Have you ever wondered what all those extra services are on your bill when you replace your tires? Two of them are likely wheel balancing and wheel alignment, both services that keep your car operating the way it should and protect against premature tire wear.
Tires are expensive, but ensuring your wheels (which consist of a tire mounted on a rim) are aligned and balanced can help extend their life, saving you money in the long run, says David Bennett, senior automotive manager at AAA.
What is a wheel alignment?
It’s inevitable to hit a pothole or curb or two when driving. While it might not seem like much, this impact may cause your car to go out of alignment, which means that your wheels are no longer riding at the correct angle, tilt, or position that they should be. If uncorrected, wheels that are not properly aligned can cause rapid tire wear and strain your steering and suspension systems.
An alignment—also known as a four-wheel, two-wheel, or front-end alignment—is a service where a technician adjusts the angle, tilt, and position of your wheels and and suspension, says Bennett. This is done using high-tech equipment. Your car is put on a specially designed lift, and sensors are attached to each wheel. Those sensors connect to a computer, which in turn tells the technician what adjustments are needed in real time.
Alignments typically take 30 to 60 minutes for most cars, and technicians make three main adjustments: camber, caster, and toe. Camber is the outward or inward tilt of the wheel, and caster is the forward or backward displacement of the wheel. Toe is the direction where the wheel points and the most common adjustment needed when an alignment is done.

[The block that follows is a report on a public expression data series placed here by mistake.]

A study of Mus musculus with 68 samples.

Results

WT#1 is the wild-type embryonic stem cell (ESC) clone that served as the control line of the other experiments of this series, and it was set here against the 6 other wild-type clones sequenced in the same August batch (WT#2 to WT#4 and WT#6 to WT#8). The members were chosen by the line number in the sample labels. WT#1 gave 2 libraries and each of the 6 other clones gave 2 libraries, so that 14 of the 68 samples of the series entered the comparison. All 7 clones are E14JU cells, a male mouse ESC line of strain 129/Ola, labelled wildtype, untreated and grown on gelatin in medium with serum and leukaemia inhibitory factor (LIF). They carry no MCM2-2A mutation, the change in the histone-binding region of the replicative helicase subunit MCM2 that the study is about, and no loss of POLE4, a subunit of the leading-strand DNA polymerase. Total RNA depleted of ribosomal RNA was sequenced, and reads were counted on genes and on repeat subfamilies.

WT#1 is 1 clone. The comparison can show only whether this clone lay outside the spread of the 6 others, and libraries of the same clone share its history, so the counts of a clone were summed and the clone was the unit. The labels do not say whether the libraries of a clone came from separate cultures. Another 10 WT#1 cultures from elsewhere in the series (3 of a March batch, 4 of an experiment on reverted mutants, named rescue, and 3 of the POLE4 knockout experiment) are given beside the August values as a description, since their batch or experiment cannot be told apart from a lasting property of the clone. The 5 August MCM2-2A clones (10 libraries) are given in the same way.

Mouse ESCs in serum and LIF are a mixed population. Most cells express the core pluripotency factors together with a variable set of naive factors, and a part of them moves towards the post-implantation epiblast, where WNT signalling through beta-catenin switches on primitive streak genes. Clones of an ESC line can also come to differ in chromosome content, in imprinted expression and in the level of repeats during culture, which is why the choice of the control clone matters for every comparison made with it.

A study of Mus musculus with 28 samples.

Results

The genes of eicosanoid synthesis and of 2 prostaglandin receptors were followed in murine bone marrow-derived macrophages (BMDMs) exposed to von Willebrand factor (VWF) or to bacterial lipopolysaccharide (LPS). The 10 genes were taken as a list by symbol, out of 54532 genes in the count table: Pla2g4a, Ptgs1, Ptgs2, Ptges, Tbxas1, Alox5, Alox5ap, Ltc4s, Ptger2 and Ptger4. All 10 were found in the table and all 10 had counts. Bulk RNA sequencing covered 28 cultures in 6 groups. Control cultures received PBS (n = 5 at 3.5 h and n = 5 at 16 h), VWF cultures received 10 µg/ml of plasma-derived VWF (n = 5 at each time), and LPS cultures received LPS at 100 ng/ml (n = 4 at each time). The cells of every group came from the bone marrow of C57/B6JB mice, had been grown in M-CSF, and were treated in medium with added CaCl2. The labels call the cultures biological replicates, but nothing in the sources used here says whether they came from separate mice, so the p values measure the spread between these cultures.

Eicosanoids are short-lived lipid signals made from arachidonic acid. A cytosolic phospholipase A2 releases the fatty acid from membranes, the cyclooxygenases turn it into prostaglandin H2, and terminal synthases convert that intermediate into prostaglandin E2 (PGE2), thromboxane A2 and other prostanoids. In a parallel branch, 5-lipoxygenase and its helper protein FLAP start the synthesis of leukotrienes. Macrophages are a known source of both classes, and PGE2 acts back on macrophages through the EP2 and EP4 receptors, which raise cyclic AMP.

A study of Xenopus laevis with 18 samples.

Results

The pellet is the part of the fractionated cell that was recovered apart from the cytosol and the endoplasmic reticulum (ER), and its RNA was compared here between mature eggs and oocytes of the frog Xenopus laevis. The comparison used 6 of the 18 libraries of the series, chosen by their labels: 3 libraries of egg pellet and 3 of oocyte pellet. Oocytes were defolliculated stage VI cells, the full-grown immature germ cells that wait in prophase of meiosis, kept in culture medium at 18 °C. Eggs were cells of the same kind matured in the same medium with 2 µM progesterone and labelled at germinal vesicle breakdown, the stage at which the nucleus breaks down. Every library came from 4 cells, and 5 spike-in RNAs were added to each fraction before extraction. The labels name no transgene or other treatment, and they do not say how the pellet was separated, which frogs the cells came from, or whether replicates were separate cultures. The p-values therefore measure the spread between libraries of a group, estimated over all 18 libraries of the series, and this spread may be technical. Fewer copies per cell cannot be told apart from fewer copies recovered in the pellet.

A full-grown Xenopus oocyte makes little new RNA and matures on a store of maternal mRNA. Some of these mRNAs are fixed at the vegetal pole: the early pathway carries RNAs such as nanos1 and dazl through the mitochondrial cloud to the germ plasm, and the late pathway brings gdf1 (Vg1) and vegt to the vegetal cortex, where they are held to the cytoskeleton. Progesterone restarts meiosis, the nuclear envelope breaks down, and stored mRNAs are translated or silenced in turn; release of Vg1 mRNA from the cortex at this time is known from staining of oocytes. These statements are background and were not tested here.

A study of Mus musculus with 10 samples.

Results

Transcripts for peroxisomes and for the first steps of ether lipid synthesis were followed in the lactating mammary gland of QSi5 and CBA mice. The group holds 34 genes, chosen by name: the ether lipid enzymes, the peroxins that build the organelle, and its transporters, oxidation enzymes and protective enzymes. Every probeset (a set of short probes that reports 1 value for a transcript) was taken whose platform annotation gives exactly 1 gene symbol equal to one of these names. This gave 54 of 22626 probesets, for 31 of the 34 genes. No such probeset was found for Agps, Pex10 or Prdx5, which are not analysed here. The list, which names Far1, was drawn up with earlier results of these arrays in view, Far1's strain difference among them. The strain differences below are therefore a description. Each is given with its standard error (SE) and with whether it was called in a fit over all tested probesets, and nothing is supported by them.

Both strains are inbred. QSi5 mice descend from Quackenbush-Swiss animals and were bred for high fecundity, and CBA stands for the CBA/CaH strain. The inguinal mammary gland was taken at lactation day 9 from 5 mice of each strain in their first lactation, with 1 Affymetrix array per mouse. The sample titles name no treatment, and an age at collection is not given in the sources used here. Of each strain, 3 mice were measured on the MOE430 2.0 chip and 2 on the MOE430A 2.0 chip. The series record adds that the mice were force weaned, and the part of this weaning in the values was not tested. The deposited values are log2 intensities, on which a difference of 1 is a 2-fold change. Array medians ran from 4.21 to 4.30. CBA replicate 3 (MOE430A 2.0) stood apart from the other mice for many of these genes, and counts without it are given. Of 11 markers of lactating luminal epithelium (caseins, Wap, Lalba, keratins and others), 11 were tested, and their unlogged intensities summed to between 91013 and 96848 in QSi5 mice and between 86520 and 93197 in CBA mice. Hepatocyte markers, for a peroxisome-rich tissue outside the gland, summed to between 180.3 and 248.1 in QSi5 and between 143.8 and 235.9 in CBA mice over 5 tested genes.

When is an alignment needed?
You’ll want to get a wheel alignment whenever new tires are installed to ensure they wear properly and avoid damage.
Additionally, you’ll want to get an alignment in the following circumstances:
Your steering wheel is pulling while you’re driving.
Your steering wheel is off-center or you feel like you need to hold it crooked to drive straight.
You’ve had a steering-related repair such as replacing a tie rod, steering rack, etc.
A wheel was impacted during a collision.
Frame or structural damage has occurred.
Your tires are wearing unevenly and there is no other underlying cause.
Sometimes, wheels being out of alignment is the symptom of a larger issue such as an underlying steering or suspension problem. An alignment can help identify these problems, and your mechanic will advise you if additional repairs are needed.
What is tire balancing?
Wheel balancing—sometimes called tire balancing—corrects uneven weight distribution that prevents a wheel from rolling smoothly. An improperly balanced tire will cause vibration, uneven tire wear, or other problems.
After a tire is installed onto your rim, the mechanic will mount the wheel onto a dynamic computer balancer. The machine spins the wheel to check the balance, letting the technician know how much weight is needed for proper balancing and where. There are two types of weights, sticky and clip-on, one or both of which the technician will adhere to the tire before rechecking the balance.
The wheel(s) can be safely returned to the vehicle once balanced.
When is wheel balancing needed?
Wheel balancing should be part of any new tire purchase, whether you buy a complete set or swap out a single tire. If at any point while driving you feel a vibration in your steering wheel, especially at lower speeds, you’ll want to have the balancing redone, says Bennett. Additionally, tire manufacturers recommend balancing your tires for maintenance, ranging from every tire rotation to annually.